Then send it into the world
Because sending it now, before you are done with therapy and stable enough to handle the rejection you may get from those you want to change is a huge risk. Your ptsd comes from public communication and rejection. What will you do if they take what you write and use it against you in a public forum simply to humiliate you again?
Ya...people are evil. If they did it once they will do it again
It might be better to be sure you have all the coping skills you will need in place before going down that road. Then when you do you can be confident that you are doing it for the right reasons no matter what the outcome.
op here. Thanks for the reply. I agree.
It is complex through. I actually think my instability from this trauma endures in large part because the truth never came out and I never got a sense of justice. That justice doesn’t mean the abuser admits to wrongdoing. For me, that justice comes from me telling the truth and them hearing it, even if they don’t accept it. Can you relate to that?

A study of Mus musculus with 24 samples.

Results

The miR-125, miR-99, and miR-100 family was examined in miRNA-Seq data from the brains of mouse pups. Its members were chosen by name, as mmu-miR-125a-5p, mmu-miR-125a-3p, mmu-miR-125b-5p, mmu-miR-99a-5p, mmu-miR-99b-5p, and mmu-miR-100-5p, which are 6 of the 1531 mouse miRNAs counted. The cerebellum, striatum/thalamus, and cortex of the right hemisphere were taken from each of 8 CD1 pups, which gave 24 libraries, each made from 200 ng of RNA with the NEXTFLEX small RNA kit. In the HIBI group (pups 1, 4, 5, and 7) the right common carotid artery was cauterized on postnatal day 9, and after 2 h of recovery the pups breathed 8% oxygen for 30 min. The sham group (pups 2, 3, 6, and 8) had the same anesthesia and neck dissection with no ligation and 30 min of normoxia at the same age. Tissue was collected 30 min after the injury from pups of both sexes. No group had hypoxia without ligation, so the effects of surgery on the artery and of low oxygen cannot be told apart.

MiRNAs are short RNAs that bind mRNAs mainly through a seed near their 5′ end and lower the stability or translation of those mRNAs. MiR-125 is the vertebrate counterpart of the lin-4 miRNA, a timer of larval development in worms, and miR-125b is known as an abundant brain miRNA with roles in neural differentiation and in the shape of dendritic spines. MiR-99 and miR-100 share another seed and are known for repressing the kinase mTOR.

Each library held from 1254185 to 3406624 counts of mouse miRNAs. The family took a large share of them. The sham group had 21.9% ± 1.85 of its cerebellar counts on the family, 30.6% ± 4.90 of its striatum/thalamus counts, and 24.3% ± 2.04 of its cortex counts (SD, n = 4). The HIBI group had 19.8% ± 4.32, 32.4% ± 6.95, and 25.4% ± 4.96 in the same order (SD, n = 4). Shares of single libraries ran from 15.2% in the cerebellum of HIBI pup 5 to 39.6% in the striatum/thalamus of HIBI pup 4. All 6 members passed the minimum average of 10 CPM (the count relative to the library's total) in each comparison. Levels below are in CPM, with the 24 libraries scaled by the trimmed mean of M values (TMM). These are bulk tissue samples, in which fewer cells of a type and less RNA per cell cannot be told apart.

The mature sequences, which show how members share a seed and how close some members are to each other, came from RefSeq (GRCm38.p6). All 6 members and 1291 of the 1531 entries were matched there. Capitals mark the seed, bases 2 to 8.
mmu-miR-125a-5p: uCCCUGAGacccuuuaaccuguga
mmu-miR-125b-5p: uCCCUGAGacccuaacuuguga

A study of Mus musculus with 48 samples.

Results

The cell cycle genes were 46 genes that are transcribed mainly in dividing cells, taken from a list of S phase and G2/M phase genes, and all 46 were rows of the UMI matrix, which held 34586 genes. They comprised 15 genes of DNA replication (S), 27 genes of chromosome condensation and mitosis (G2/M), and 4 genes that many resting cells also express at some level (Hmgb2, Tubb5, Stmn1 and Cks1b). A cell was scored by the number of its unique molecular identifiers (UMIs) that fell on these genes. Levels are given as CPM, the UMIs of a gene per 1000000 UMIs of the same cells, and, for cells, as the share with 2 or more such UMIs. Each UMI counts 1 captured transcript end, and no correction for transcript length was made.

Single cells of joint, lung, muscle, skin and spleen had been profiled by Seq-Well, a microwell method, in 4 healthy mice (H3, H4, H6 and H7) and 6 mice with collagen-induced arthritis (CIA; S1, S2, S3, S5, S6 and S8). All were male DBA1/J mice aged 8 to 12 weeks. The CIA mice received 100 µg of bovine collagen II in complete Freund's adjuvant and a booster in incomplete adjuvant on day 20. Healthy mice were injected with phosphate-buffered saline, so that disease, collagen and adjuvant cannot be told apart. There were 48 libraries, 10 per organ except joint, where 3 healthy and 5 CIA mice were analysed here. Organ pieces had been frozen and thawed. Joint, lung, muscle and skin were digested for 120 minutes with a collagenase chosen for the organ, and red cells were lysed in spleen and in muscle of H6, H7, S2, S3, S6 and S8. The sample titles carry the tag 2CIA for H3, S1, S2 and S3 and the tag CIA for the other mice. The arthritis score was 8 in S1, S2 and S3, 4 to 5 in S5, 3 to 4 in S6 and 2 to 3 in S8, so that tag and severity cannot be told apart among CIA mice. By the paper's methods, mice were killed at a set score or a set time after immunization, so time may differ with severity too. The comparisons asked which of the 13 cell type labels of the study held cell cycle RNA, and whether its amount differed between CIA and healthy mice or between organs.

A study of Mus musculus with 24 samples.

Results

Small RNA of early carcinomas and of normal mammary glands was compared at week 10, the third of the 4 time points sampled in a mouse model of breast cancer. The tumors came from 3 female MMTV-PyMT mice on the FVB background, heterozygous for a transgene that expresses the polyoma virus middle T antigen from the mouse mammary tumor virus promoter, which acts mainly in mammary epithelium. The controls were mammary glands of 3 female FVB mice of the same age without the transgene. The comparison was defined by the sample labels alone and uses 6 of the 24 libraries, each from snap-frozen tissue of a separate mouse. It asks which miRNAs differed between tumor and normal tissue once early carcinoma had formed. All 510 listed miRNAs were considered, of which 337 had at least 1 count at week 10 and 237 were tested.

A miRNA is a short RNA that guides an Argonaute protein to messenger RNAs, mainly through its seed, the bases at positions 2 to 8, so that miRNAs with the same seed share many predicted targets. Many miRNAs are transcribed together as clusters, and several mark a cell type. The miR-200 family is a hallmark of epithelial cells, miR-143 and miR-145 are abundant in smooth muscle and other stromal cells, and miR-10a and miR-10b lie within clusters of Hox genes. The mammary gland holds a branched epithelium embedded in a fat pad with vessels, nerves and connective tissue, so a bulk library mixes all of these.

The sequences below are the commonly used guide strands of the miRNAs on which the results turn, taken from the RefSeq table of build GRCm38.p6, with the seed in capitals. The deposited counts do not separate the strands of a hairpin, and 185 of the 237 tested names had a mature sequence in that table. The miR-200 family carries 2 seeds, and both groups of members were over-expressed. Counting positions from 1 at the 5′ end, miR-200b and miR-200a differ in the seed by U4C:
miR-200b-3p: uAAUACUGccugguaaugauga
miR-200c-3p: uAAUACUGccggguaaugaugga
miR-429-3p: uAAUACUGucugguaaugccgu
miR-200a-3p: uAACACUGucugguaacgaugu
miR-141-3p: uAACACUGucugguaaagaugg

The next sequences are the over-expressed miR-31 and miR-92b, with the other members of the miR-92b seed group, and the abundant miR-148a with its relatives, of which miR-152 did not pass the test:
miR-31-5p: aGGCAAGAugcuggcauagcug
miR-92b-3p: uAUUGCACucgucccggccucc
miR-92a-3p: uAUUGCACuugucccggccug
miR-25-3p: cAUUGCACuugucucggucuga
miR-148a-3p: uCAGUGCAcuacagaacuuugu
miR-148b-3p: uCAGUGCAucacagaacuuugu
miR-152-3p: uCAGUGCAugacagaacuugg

A relative who works as a licensed social worker and my psychologist both have told me that for some people, telling the truth and confronting your abuser is a key to begin the healing process. They agreed with me that there are risks as well. My relative told me it’s also common for people with chronic PTSD to focus on the worst case outcomes of confronting their abusers and going public.
I don’t have a clear answer for what’s best for me right now but these points are worth discussing.
My relative, the social worker, who knows me almost as well as my psychologist, said she believed full disclosure was the best thing for me. She said my worries of being abused online were reasonable but she also agreed with me when I said my brain is my adversary, not external forces.
I also spoke to an old professor about it. He never knew the truth until now and he was shocked. He has his own experience with behavioral health, and his view was ‘get the story out, turn it into a book, and name everyone of your abusers.’
I spoke with my psychologist about it again yesterday and he and I agreed we still don’t know what the best move is here. I’m moving forward with EMDR and I’ve found that talking about my trauma with my relative and my old professor made me feel relief, self-worth, and strength, though I did wake up today thinking of the trauma and feeling deflated. That has happened every morning for a few months.
It’s interesting, and it’s on me to decide in the end.